Volume 79, Number 7 | July 22 - 28, 2009
West and East Village, Chelsea, Soho, Noho, Little Italy, Chinatown and Lower East Side, Since 1933


Villager photo by Lorcan Otway

The salvaged, rare John Egan-made Irish harp now sits in Lorcan Otway’s East Village apartment.

Rescued from trash, ancient harp will trill again

By Will Glovinsky

For Lorcan Otway, a local balladeer, archivist and activist, it was the catch of a lifetime.

On July 1, Otway’s friend Julie M. Finch was walking on W. 26th St. when she noticed some furniture in a dumpster. She peered closer to find the venerable curve of a harp piled amid the rubbish.  Finch excavated the grimy and blackened instrument, brought it home and sponged it down. 

“The sponge was black,” she recalled, “but I thought, ‘What a beautiful shape!’ ”

Within a week she had contacted her friend Otway, an Irish-music enthusiast whom she knows through her Quaker meeting, and he bought the historic instrument for a “small price.”

“If this hadn’t come to me, then I would be sitting in a pub talking about it,” Otway said.

Upon inspection by Finch and Otway, the harp, which will require restoration, proved to be a John Egan original, built in Dublin in the early 19th century.  Egan combined the traditional Irish harp shape with greater tonal versatility to produce a model that would foment a resurgence in the harp’s popularity around the time the last bardic Irish harpers — who played harps capable of only a single tuning — were dying out. Egan’s harps, and those like them, have since gained international usage and acclaim. 

“Egan essentially created the modern Irish folk harp,” Otway said.

According to Nancy Hurrell, a harp historian currently writing a book on Egan, there are only about 70 Egan harps extant, almost all of which reside in the collections of museums and universities.

This harp, which presently resides in Otway’s living room, appears to be an early example of Egan’s work.  Egan received a royal warrant for his harps from King George IV, who reigned from 1820-’30, after which Egan inscribed the monarch’s endorsement on a plate affixed to his harps, or Royal Portables, as the specific model was henceforth known.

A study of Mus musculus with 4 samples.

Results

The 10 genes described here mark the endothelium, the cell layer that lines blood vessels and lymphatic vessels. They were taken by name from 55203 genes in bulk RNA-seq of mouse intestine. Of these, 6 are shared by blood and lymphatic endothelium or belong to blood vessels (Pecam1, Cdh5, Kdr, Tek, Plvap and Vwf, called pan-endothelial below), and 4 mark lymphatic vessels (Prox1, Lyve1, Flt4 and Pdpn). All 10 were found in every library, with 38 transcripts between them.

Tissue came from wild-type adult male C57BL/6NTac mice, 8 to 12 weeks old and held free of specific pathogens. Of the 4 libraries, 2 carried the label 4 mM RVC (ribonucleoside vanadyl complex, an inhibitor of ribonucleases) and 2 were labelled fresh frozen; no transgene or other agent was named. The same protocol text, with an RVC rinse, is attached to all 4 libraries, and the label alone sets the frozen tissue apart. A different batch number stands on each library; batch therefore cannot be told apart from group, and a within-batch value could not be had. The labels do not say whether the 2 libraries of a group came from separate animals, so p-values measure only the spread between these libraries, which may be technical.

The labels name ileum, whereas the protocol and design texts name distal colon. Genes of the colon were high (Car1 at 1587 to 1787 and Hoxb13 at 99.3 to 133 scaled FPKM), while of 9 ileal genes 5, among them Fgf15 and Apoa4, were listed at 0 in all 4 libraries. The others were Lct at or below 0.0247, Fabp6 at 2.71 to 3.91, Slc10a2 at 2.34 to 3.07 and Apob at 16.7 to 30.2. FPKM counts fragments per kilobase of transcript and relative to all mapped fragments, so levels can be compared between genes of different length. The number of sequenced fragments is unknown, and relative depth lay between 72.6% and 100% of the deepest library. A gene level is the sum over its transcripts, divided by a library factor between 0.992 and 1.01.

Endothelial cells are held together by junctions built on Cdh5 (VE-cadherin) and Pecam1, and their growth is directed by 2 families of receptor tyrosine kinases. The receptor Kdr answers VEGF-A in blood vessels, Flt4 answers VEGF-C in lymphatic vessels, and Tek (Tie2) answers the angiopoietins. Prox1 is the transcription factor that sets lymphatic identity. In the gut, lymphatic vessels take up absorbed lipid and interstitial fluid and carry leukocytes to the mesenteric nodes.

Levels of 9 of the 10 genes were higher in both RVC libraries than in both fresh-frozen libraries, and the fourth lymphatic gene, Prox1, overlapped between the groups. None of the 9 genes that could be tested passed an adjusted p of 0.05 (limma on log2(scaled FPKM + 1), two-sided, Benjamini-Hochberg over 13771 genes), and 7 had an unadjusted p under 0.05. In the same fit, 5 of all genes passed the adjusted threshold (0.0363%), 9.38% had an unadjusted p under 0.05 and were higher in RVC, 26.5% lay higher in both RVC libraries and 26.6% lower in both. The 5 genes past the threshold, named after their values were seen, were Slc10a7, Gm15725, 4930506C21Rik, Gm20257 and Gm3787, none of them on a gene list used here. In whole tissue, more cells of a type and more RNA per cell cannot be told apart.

Otway’s harp, however, bears no royal mark, so the owner thinks the found harp was built sometime before Egan received that recognition. 

Hurrell estimated that the instrument dates from between 1810 and 1820. While noting that a harp from the 18th century would be an “extremely rare find,” she judiciously classified Otway’s harp as “rare.”  

“I’ve only known of three Egan harps from that period,” she said.

Since the harp came into his possession, Otway has been investigating the curious instrument. In particular, he is intrigued by the presence of parts from two different kinds of key-shifting mechanisms.  This incongruity is only one of the many questions he has.

“There are many little mysteries,” said Otway. “It’s one of those things where the story gets bigger as it goes on.”

Indeed, the harp’s recent history is equally colorful.  Through Finch, who originally found the harp, Otway learned that the instrument had been in the estate of Rose Augustine, who along with her husband, Arthur, invented the first successful nylon guitar string. It so happened that the Augustines were friends and neighbors of classical guitar virtuoso Andres Segovia, who eventually championed the use of their nylon strings.

Rose Augustine, who died in 2003, collected rare musical instruments, one of which was the harp in question. How exactly the Egan harp ended up in a dumpster remains a mystery, although Otway surmises that the executor of Augustine’s will tried to sell the harp but was unsuccessful and finally discarded it.

Otway hopes that the next stage of the harp’s life will return it to the world of musicians and recitals.  He foresees a semiannual concert series with “gifted musicians from appropriate traditions,” with proceeds going to both pressing world hunger crises and to benefit elderly members of his Friends meeting.

For now, though, he seeks a master restorer who will balance the instrument’s musical potential with its historical importance. The project will be no mean feat. Hurrell, the harp expert, explained that unless the original sound box is replaced, it will probably be delicate and even liable to “explode” if not properly handled. However, a new sound box would decrease the overall authenticity of the instrument.

At any rate, the restoration of the harp, whose historical and sentimental value far outstrips any monetary value it may have, will certainly be costly and lengthy.

“I may have to sell a set of my uilleann pipes,” said Otway, referring to the signature Irish reed instrument. But he said he wouldn’t mind the sacrifice. “I’m just honored to accompany this harp into its third century.”